By Christopher "shaithis" Buecheler
This will make a mediocre wood grain look a lot better. For now though, I've decided I want the image to be 128 pixels high, and 256 pixels wide. Right now it's not. Let's fix this problem.
Stretching the image to 256x128 will again compress the HSB noise affect, now with shadows and hilights, which will in turn help the realism of the wood grain.
Now we have our image (at 200x zoom). I offset it 64 pixels down and 128 to the right, and a troublesome seam has shown up. Time to get rid of it. Here I'm copying a piece of the wood...
... and placing it over the seam. Now we've created two seems. Kinda seems like we're moving backwards, eh? Trust me for a minute. This is a technique I use when the clone tool would be annoying. :)
I'm rotating the pasted piece by 180 degrees, so it's not as obvious that its been cut from another area of the texture.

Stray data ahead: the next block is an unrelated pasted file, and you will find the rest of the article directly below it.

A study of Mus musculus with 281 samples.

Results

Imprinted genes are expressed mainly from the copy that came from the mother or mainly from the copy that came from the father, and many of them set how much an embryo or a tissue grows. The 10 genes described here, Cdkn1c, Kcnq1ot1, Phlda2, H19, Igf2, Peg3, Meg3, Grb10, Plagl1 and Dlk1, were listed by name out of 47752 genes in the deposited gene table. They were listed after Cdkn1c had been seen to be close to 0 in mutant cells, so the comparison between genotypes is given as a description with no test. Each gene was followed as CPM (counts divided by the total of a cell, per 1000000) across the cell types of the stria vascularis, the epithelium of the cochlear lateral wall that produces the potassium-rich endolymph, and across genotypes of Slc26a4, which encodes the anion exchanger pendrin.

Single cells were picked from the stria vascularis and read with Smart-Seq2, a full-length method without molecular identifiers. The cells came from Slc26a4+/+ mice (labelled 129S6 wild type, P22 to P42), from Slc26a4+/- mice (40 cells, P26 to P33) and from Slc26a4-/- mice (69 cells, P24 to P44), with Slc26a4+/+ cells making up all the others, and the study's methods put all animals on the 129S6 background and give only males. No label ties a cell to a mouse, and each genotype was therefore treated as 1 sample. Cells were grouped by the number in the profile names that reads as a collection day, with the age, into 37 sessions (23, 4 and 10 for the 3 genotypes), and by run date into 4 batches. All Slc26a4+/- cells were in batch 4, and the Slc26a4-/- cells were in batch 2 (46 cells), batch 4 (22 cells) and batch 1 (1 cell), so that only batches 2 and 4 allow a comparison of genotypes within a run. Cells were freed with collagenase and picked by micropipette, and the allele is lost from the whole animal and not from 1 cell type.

The flipping also (by lucky coincidence) helped the texture to blend in a bit better. Now all we have to do is...
Use the erasing tool to gradually let areas of the sub-texture show through, creating seamless blends. Neat, huh?
Now merge the pasted layer with the regular layer, and we have our base wood. Again, still not as realistic as a photo-base texture (creating something that was would be very time consuming), but not bad. We're going to be adding patterns and whatnot next week, which will make this texture look even better (trust me).
Here's the texture at its normal 256x128 size, just for reference.
Next week's project is to take that texture, and turn it into a nifty trim. It's actually a very quick process, if you have a tablet available (or even if not, but it may be hard to accomplish certain effects).
- Christopher Buecheler is a freelance 2D artist.
Credits: Graphic Content is © 1998 Christopher Buecheler. All other content is © 1998 loonyboi productions. Unauthorized reproduction is strictly prohibited, so don't do it, or we'll paint you white against a white background.